Venezuela says will not participate in ICJ hearing on border dispute


With little over a week to go before Guyana begins defending its border case against Venezuela’s illegal claims on Essequibo, the Spanish-speaking country has indicated that it will not be attending the June 30 International Court of Justice (ICJ) hearing on jurisdiction.

This was revealed by Venezuela’s Foreign Affairs Minister Jorge Arreaza, who shared a Venezuelan communique on his official social media account. In announcing this decision, the Minister explained why they would not be attending the meeting.

“Venezuela informs that, in accordance with its historical position and in strict adherence to the 1966 Geneva Agreement, it will not attend the unusual and irregular hearing called for June 30 by the International Court of Justice,” Arreaza said.

The February 17, 1966 Agreement gave the United Nations (UN) Secretary General the responsibility to choose a means of peaceful resolution of the dispute and the possibility of finding another way in case it does not succeed.

Venezuela has said in the past that it does not recognise the jurisdiction of the ICJ to mediate the matter and had unjustly claimed that UN Secretary General António Guterres exceeded his authority under the Geneva Agreement by referring the case there.

Guyana filed its case with the World Court on March 29, 2018, seeking a final and binding judgement that the 1899 Arbitral Award which established the location of the land boundary between the then-British Guiana and Venezuela remains valid and binding, and that Guyana’s Essequibo region belongs to Guyana, and not Venezuela as is being claimed by the Spanish-speaking country.

The case was originally scheduled to be heard on March 23, 2020. However, the ICJ had postponed the long-anticipated hearing of the Guyana-Venezuela border dispute case, citing the worldwide crisis of the coronavirus.

In a previous notice, the Hague, Netherlands-based ICJ had informed the parties of the schedules for the upcoming public hearings to determine whether the court has jurisdiction to preside over the matter.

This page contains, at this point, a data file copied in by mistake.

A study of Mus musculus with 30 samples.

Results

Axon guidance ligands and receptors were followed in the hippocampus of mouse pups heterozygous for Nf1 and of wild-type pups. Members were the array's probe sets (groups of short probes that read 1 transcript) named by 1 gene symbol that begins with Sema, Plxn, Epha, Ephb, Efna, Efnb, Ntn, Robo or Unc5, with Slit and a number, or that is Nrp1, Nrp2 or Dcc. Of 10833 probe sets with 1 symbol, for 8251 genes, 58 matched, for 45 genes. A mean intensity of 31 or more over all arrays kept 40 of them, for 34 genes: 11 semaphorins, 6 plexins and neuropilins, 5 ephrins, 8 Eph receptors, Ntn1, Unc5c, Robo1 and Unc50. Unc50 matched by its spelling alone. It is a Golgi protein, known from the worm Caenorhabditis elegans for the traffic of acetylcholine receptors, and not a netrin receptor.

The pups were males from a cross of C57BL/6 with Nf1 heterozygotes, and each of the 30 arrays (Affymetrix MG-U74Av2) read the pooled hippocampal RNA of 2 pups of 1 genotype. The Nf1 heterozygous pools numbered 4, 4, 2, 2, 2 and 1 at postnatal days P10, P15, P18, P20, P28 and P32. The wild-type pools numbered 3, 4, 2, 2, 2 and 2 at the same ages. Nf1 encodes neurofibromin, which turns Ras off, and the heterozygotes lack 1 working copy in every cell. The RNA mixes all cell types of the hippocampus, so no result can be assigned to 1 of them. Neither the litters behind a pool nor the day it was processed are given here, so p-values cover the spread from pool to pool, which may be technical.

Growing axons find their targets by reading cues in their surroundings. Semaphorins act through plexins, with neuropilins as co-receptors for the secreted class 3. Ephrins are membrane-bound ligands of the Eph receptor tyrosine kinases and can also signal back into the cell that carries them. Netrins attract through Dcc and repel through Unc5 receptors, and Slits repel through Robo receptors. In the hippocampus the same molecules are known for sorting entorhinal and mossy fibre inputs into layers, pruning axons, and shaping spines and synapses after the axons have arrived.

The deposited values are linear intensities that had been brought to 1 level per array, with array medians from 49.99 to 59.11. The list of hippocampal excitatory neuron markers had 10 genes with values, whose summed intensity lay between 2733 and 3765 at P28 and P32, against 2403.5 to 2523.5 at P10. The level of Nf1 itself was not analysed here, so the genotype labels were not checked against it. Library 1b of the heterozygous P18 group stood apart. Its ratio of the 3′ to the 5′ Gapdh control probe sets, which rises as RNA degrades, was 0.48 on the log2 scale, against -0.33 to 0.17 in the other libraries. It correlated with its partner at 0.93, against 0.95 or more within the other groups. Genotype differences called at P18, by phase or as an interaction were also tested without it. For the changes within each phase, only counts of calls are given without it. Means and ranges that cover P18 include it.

The first round of oral arguments was supposed to be held on the first day, with Guyana presenting its pleadings. The following day would have been awarded to Venezuela. With Venezuela confirming its non-attendance, it’s unclear what will happen to this second day.

At present, however, both Guyana and Venezuela are in the throes of domestic troubles of their own. In the case of Venezuela, its economy has collapsed under the Nicholas Maduro regime and sanctions imposed by the United States over Maduro’s undemocratic grip on power based on elections widely panned as lacking credibility.

The Venezuelan President has even been charged in the US for narco-terrorism, drug trafficking, money laundering and corruption. Meanwhile, Guyana is without an official declaration by the Guyana Elections Commission (GECOM), three months after elections were held.

The past few months have been marked by court cases and attempts by certain officials to rig the elections in the favour of the APNU/AFC.

Officials in the US and other countries have already warned that Guyana could be sanctioned and isolated on the world stage if the legitimate results are not used to swear in a President, a situation that analysts have said could impact Guyana’s case at the ICJ.

The border controversy gained new life when oil giant ExxonMobil announced in 2015 that it had found oil offshore Guyana. Venezuela had inexplicably been against oil exploration in Guyana’s Stabroek Block, where multiple oil deposits were found by ExxonMobil, and had laid claim to the Essequibo region, which represents two-thirds of Guyana’s territory.

After some two years of mediation, the UN announced back in 2018 that it had sent the matter to the ICJ after careful analysis of the good offices process.